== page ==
Life at Border Park is never dull …. especially in Autumn when the ewes are lambing!
Not only do the ewes need extra mineral supplementation and the fox population controlled, there is the issue of abandoned or orphaned lambs.
The task of raising poddy lambs this year has been the sole responsibility of our eldest 4 children.
We’ve described how they are improving their mathematical skills, as well as learning to work together as a team, and give these little abandoned lambs a fighting chance at survival.
It’s called Learning at Home 101 🙂
As our children continue to grow up, we love giving them the opportunity to develop new levels of responsibility.
At this time of year, new opportunities and responsibilities look small and woolly and ever so cute!!
Each year there are at least a handful (and likely to be more if we really searched) of abandoned lambs. Their chance of survival in the paddock without a mother ewe to feed, protect and keep them warm are very slim.
So the challenge is for our children to raise as many of these lambs as they can comfortably cope with!
All profits from the abandoned lambs that our children successfully feed and raise to weaning age (without any adult assistance) may be shared amongst those who consistently help with the lamb’s care.
They understand that associated expenses (like lamb powder, teats and bottles) are deducted. We’ve generously given them a ‘tax break’ this year so as not to dampen their enthusiasm!
So, with calculators and eager anticipation, they’ve worked out each of their shared profits, made their ‘wish list’ of items they will purchase with their pocket money, and have taken on the job of caring for 10 newborn lambs (current today!).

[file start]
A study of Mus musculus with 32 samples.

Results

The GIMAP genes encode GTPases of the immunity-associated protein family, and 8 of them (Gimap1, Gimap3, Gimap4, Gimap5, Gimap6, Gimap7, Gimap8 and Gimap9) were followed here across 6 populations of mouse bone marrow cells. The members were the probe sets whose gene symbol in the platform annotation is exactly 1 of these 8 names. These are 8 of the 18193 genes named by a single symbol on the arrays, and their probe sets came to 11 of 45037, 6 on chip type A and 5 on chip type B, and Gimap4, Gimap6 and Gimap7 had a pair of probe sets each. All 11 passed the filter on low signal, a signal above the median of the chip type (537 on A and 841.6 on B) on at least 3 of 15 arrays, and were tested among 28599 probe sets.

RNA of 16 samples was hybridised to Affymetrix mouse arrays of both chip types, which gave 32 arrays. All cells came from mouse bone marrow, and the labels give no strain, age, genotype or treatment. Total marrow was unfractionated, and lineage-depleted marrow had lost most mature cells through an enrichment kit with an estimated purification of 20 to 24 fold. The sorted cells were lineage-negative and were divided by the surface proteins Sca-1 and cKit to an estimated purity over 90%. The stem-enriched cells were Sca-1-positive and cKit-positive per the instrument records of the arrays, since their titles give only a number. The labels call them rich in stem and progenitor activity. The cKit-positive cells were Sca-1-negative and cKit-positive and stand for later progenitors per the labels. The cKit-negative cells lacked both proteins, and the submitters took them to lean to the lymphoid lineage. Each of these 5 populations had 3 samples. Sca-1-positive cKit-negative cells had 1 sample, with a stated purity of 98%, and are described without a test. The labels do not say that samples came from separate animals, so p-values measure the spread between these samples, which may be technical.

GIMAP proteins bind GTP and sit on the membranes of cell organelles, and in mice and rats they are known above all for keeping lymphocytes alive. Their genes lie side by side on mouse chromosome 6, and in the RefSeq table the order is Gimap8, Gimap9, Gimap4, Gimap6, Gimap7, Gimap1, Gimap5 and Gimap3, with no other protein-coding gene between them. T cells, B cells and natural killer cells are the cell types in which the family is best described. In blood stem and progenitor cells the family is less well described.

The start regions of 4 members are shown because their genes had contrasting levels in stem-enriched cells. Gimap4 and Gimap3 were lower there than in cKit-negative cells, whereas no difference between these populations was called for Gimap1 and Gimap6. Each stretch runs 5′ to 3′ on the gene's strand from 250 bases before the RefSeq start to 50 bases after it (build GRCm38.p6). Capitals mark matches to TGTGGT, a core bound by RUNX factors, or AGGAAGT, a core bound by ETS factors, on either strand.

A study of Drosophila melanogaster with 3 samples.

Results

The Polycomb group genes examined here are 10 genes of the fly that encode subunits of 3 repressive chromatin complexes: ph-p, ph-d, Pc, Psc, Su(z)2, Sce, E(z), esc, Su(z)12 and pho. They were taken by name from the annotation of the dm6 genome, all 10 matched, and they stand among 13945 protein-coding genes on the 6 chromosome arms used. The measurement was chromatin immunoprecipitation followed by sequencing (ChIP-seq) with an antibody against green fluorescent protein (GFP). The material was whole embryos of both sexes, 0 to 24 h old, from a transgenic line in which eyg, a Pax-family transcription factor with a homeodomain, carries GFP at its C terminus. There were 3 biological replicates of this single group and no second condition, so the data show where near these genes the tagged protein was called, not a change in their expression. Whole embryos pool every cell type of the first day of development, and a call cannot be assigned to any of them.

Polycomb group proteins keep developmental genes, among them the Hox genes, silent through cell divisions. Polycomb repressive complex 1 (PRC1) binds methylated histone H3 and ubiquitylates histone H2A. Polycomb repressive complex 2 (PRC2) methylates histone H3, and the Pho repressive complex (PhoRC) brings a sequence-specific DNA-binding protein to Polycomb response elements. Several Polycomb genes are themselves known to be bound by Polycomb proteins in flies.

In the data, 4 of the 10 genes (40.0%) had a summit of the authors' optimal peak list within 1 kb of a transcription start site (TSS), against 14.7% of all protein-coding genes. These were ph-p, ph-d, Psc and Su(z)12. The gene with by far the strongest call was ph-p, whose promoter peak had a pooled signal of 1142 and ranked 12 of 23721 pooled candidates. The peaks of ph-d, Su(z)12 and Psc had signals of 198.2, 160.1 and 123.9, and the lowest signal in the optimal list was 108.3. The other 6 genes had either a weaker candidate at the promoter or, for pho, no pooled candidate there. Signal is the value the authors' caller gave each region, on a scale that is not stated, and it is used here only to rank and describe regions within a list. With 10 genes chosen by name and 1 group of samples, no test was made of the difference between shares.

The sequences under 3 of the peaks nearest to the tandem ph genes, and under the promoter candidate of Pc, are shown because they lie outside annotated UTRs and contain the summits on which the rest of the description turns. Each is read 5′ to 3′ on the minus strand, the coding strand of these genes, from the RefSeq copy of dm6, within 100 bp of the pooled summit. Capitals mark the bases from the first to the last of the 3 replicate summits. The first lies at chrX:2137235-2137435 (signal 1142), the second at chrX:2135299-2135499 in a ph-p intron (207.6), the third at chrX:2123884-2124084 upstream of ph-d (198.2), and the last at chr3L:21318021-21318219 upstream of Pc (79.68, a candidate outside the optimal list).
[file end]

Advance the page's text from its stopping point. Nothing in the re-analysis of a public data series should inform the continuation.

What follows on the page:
Names must be unanimously decided upon. This year the theme is Herbs and Spices – Mintie, Chives, Sage, Nigella, Macie, Basil, Saffron, Cinnamon, Curry, Oregano, Salt and Pepper.
Note must also be made of which ewe mob each lamb came from so that they can be tagged correctly when they’re older.
Our eldest daughter has diligently drawn up a schedule, with each lamb’s name, date of ‘receival’ into our care, feeding time, and the amount of milk to be fed. The lambs are rotated so each child has an opportunity to feed the easy ones as well as those who take a looooooong time. The child with the easiest lamb to feed must also make up the milk for the entire lamb family, and wash all bottles and teats thoroughly at the end of each feeding session.
You may be forgiven for assuming that newborn lambs have a natural instinct for feeding, and will happily feed from their mother, or a bottle if necessary.
If questioned, each of our children will tell you quite firmly that some lambs are much easier to train to a bottle than others. There are many factors that contribute to the success of feeding lambs, including whether or not they’ve had their first important colostrum milk feed from their mother, the number of hours since their last feed, the age at which they’re orphaned, their current body temperature and their will to live. There is no doubt that lambs can be fickle animals!
The lamb feeding schedule can be gruelling. To begin with newly acquired lambs need a 175ml of milk fed on a 4 hourly basis (more often if needed), beginning at 6am through to the last feed at 9pm. Often feeding all 10 lambs may take 2+ hours – even with 4 children on the job!!
One child will draw the ‘short straw’ and *should* brave the cold to do a 2am check to see all the lambs are all still rugged up in their outside enclosure. If the lamb survives this first day, the amount of milk is increased and the feeding frequency is extended.
We are both proud of our children’s efforts over the past few weeks. With gusto they have taken on this responsibility, and have shown maturity in dividing out the different roles according to the age of the helpers, and demonstrated loving concern for those children who are sick and can’t currently keep up with their lamb responsibilities.
Yes, there has been frustration, and tears when some lambs haven’t survived, but on the whole, each young farmer in training is still keen to continue.
We feel this exercise has immense value in teaching our children, young and old, about the value of hard work and persevering with a job, even when you don’t want to see another lamb or milk bottle that needs cleaning!